OUT goes one mystery — and in comes another. At the start of the new costume crime series Vienna Blood (BBC2, Monday of last week), as the beautiful victim’s body is discovered, the ancient concierge is unceremoniously bundled out of the room for daring to hold her crucifix and mumble prayers. That mumbo-jumbo has had its day! But is another lurking in the shadows, waiting to take over?
Our hero, young Dr Max Liebermann, is here to study under Sigmund Freud: has scientific rationalism won the field, or will the Oedipus complex prove merely an alternative source of faith and fear? Nowhere else was the turn of the 20th century marked by so many of the revolutions that would dominate Western thought and culture, and they are all impressively on display here. A key episode takes place at an exhibition of works by Gustav Klimt; and, at a musical soirée, the pianist is Gustav Mahler.
Vienna itself is the epicentre of sophistication and social grace, and yet Liebermann and his family experience the ugly reality of anti-Semitism: we cannot escape our awareness of how vilely that will end.
This murder mystery is vastly superior to most in its cultural reference and intellectual underpinning. The actual crimes and their fortuitous detection are, alas, the usual old tosh. But the characters are compelling, and the whole thing is a satisfying entertainment, complete with an OU history unit thrown in, gratis. Just ignore the plot and swoon over the chandeliers.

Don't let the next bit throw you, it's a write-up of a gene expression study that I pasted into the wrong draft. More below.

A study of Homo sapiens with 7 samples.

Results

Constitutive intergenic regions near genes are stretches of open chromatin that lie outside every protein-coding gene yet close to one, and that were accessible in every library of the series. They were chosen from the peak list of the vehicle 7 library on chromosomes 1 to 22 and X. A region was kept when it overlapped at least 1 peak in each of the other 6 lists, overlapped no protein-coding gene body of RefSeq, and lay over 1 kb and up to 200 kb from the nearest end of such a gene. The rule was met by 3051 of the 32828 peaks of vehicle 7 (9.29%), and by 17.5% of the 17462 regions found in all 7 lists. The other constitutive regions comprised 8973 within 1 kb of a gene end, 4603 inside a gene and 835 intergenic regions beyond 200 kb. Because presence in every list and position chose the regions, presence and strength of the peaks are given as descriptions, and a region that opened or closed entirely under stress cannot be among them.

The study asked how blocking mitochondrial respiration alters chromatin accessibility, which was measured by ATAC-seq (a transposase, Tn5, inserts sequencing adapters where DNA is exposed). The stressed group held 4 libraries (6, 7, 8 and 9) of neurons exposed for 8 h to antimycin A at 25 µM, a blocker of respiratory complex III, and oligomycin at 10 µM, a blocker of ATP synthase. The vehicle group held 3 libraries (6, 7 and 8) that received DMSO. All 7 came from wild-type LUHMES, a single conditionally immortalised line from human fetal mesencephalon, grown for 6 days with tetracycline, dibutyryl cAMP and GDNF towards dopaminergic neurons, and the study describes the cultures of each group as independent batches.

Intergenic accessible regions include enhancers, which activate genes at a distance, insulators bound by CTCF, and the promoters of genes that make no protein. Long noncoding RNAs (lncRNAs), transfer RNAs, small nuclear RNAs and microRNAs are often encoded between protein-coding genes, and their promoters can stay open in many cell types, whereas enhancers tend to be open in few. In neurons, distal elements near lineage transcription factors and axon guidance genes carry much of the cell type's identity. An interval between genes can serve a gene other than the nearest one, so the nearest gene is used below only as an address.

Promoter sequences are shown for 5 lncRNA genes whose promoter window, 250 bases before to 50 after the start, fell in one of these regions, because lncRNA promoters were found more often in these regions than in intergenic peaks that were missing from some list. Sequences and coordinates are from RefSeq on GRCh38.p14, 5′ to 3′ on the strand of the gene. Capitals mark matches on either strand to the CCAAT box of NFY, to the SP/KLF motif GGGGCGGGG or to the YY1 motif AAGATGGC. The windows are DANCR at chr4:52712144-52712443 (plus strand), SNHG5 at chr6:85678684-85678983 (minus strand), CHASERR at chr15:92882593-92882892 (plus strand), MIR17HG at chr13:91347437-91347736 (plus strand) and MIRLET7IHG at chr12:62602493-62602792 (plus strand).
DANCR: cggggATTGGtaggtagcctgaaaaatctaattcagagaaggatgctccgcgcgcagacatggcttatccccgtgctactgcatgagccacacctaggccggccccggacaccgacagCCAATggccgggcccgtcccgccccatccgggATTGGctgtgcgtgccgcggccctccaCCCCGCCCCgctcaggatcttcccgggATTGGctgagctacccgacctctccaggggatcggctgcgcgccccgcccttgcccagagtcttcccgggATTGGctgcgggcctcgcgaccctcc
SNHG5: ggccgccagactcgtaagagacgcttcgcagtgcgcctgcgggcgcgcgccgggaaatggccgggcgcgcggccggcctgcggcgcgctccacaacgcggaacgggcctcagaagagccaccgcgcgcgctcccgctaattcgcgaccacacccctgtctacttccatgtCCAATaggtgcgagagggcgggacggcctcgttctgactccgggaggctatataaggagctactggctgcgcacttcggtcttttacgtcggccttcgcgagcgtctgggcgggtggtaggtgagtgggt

Equally seismic social revolutions informed Greg Davies: Looking for Kes (BBC4, Tuesday of last week). This was a personal pilgrimage to the settings of Barry Hines’s 1968 novel A Kestrel for A Knave, better known to many through Ken Loach’s remarkable film Kes. Barnsley, then, was still dominated by mining, the confinement of an underground life of toil contrasting utterly with the ancient natural liberty of hawk and falconer. The pits are now gone, and the stone cottages are scrubbed clean; would the book still resonate with anyone? The answer was a resounding Yes.
Children told him how much they were still inspired by it; the school resonates with its message; a chip shop and the Working Men’s Club are proud of the connection; and the boy who played Billy is still a local hero, loved by all. The book now encourages a different kind of liberation: how literature and the imagination encourage the possibility of a different, richer life.
In Scuffles, Swagger And Shakespeare: The hidden story of English (BBC4, 12 November), Dr John Gallagher showed how our language became gloriously rich during Elizabeth I’s reign. This was not, as he thinks we believe, all due to Shakespeare: it was because (thanks to Continental Reformation persecution) London was thronged with foreigners, bringing their tongues with them to our advantage. Brexiteers, kindly note.